MARKET SUMMARY: 23 TO 27 JANUARY
Reasearch Team, 27 January 2017
After a cautious week last week when investors worried about two major political events, markets have turned optimistic, with plenty of economic data to process as well as positive results from the global reporting season helping to move markets.
Although we have seen positivity this week, it had a shaky start. Caution came following on from the inauguration of the 45th President of the United States, Donald Trump. Trump’s inauguration speech echoed his pre-election promises to protect American workers saying that “every decision on trade, on taxes, on immigration, on foreign affairs will be made to benefit American workers and American families.” Initially the market took this as a positive and US share prices appreciated on Friday. However, these gains were undone at the start of this week amongst the political uncertainty that President Trump represents.
Analysts will be watching the first 100 days of the Trump Presidency closely. The post-election rally saw the S&P 500 rise 6.0%, the fifth largest rally since records began. History shows that in the first 100 days of presidency, the S&P 500 has risen 70% of the time for an average gain of 1.6%. However, the odds are against Trump as a republican president, averaging a return of -0.4% and showing gains just 60% of the time.
The highlight on the local calendar this week was the release of the fourth quarter consumer price Index (CPI), which is a measure of inflation. The December quarter showed a 0.4% increase in the CPI, above expectations for a 0.3% increase. On an annualised basis, inflation rose 1.3%. this was in line with market expectations however was above the Reserve Bank of New Zealand’s forecast for headline inflation to be 1.1%. The stronger than expected inflation figure almost certainly means that the Official Cash rate will be on hold for at least the rest of the year and that the next move is likely to be an increase, with a few economists now calling for the OCR to rise before the end of the year.
Inflation in Australia however went in the opposite direction, coming in below expectations for the fourth quarter. The market was expecting a 0.7% increase in consumer prices for the quarter and an annualised rise of 1.6%. However, the data showed just a 0.5% rise for the quarter and a 1.5% gain for the year. The lower than expected inflation could open the door for the Reserve Bank of Australia to cut the official cash rate, should other data show a loss in momentum for the economy.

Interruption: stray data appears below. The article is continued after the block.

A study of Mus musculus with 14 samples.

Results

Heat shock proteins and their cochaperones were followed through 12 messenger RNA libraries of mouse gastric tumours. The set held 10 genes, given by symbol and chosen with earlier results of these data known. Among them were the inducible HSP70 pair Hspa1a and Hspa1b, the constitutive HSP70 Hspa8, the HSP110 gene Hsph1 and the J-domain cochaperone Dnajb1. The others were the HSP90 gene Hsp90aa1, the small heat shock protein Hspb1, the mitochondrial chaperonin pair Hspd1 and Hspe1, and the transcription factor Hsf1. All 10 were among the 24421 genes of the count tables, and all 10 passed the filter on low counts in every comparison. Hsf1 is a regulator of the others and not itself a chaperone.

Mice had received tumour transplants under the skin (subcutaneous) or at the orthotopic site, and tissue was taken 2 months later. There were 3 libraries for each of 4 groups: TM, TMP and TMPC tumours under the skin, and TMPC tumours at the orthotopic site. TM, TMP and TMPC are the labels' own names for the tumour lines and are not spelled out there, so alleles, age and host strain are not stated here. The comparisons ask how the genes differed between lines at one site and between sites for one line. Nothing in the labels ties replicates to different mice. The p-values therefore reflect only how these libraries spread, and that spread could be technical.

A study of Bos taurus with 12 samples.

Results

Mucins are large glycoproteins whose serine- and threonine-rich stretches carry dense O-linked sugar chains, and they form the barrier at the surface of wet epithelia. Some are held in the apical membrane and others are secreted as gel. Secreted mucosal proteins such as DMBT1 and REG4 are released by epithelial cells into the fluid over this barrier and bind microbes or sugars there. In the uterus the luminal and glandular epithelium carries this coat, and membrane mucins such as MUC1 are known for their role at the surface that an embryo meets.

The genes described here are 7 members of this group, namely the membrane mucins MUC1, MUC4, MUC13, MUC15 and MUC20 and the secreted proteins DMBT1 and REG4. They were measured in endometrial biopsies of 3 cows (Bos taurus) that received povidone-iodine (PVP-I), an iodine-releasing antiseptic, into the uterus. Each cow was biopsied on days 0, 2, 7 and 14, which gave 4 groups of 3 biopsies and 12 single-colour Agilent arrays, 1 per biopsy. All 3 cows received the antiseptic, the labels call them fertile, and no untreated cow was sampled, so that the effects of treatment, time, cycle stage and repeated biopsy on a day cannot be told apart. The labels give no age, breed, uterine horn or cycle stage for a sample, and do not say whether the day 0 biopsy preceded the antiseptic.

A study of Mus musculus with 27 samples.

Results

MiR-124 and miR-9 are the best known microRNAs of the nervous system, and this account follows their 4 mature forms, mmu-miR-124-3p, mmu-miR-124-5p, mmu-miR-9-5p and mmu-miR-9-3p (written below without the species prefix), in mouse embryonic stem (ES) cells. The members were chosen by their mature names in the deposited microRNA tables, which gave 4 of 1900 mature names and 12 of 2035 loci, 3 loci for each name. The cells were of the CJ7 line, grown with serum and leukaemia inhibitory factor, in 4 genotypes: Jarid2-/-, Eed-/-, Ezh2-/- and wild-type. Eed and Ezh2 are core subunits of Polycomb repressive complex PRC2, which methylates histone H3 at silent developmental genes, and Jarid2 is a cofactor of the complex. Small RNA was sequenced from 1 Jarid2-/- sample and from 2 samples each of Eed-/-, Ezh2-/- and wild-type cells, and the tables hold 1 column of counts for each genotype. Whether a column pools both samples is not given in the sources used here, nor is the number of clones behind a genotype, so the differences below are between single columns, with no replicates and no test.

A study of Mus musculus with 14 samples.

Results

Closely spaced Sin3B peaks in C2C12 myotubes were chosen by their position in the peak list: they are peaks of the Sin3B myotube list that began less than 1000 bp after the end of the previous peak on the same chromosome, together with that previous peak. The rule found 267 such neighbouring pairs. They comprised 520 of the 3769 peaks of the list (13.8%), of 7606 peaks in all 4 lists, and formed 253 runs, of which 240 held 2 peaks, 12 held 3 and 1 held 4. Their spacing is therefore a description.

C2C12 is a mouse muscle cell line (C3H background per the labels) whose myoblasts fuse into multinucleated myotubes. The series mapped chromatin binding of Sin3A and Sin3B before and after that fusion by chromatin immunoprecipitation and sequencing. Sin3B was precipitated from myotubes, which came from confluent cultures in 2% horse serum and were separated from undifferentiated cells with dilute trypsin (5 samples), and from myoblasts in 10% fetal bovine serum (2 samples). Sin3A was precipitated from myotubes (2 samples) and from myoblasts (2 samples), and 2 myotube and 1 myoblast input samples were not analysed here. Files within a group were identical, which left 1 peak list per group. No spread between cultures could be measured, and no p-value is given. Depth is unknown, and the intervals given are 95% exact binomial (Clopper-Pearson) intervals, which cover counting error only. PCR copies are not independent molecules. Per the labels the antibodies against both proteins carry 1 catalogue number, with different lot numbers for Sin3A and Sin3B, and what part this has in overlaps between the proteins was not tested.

Global reporting season kicked up a gear this week, with almost 20% of the S&P500 due to report. At the start of the week only 63 companies had reported and of those only 48% had beaten revenue estimates while 75% had exceed expectations for earnings. Investors have been looking for some solid earnings from companies during the reporting season to match current valuations. This week has yielded some strong results from a number of companies which has seen some strong share price gains and boosted US markets to record highs. The Dow Jones Industrial Average pushed through the key milestone of 20,000 during the week, taking just 42 trading days to reach this from 19,000, the second fastest milestone run on record.
Flash Purchasing Managers Index’s (PMI’s) have been released for January during the week for a number of regions around the world. These are initial readings on how manufacturing is tracking around the world and indeed are the first indicators for 2017. A PMI is an indexed figure with readings above 50 indicating expansion within the sector while below 50 would indicate a contraction. The Eurozone’s PMIs showed a slight decline in activity with the index slipping to 54.3 from 54.4 in December. Japan’s rose to 52.8 showing the fastest expansion in almost 3 years as export orders surged. The US had a reading of 55.1 for January well above expectations and hitting a 22 month high.